One thing that stands out in terms of my cooking style is that I’m all about adding things IN to my food, rather than taking things out. So when I’m looking for something a little more virtuous (like with my Superfood Fried Rice, for example), I don’t remove anything but instead add some extra fantastic ingredients to give a dish a boost. And a lot of that, I’m reaching for Asian greens. But what are Asian greens exactly? It’s kind of a blanket term for green, leafy vegetables that are commonly found in Asian cuisines, such as Chinese and Thai. However, if you’re unsure about the difference between choy sum and bok choy, don’t worry – this guide to Asian greens is for you!
This handy video on how to cook Asian greens is a great place to start, otherwise read on, my friends.
Bok choy is wonderful at soaking up flavours, so I love to use it in stir-fries. It’s also the perfect companion to my Chinese BBQ pork char siu noodles – and in this recipe, it couldn’t be easier to cook. You literally place it into a heatproof bowl and pour boiling water over it, then leave it to blanch for 4 minutes. So simple! Equally epic drizzled with a dash of sesame oil.
One way you can easily up your vegetable count with any meal is to serve some wok-fried or steamed Asian greens on the side. It’s a really simple way of increasing your greens intake – and they taste fantastic, too! I love the ease of this Chinese garlic broccoli, which is also known as gai lan. It’s so quick and uses oyster sauce, garlic and soy sauce to pack in some serious flavour and fragrance. Delicious.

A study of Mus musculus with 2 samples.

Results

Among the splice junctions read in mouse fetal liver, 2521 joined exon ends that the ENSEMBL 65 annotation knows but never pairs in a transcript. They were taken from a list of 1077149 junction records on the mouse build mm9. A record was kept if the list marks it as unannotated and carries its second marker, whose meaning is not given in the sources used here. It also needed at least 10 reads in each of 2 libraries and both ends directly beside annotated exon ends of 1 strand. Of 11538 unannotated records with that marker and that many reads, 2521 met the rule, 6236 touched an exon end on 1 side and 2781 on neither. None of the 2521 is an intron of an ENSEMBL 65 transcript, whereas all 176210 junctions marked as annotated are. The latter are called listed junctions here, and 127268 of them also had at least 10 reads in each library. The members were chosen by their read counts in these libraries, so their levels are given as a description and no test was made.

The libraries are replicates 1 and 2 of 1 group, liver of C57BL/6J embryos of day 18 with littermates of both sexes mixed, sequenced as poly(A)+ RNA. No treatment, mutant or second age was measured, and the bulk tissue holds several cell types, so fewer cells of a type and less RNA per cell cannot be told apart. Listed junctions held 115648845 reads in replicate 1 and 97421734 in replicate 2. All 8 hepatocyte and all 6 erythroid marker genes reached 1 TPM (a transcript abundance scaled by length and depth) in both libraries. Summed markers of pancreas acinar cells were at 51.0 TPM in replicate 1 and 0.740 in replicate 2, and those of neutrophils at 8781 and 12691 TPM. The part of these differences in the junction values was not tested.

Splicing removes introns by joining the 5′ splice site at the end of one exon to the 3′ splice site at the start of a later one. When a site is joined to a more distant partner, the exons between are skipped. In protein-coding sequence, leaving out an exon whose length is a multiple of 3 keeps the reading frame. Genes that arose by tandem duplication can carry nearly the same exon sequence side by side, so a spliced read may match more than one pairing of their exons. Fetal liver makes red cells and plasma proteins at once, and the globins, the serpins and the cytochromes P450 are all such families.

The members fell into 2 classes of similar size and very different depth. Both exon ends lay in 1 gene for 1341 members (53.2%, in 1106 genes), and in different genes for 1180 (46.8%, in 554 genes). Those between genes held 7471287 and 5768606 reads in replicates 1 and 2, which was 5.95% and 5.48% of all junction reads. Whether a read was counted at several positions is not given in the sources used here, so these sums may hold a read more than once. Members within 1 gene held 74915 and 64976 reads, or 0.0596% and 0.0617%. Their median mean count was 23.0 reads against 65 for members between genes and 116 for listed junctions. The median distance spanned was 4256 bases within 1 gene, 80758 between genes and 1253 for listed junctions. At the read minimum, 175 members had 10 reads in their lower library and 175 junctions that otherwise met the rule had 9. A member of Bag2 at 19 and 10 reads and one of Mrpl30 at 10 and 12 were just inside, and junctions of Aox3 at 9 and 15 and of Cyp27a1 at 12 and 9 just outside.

Taste-wise, I’d say choy sum has a flavour that’s quite close to English spinach in that sense. It’s very popular in Chinese cuisine. Cook it until the firmer stalks are just tender so that you don’t lose any of that beautiful texture. It’s a great vegetable to use in my Easy Asian Greens recipe, which is such a simple method but full of richness.
What’s the story with morning glory? Well, it’s a very traditional vegetable from Thailand, and is also known as water spinach. Sweet and crunchy, it’s best stir-fried with garlic and chilli. Pick up a bunch at an Asian or Thai grocery store, then head to your kitchen quicksmart and try my recipe for Thai Stir-fried Morning Glory (also known as Pak Boong Fai Dang).
Snake beans have a slightly medicinal taste to them in comparison to the green beans found in mainstream supermarkets. They have a wonderful cooling effect when you eat them raw, which is why you’ll often find them served on the side of really hot and spicy dishes, like my Thai Chicken Laab.
And that’s it, my friends. My five favourite Asian greens. Which one is yours?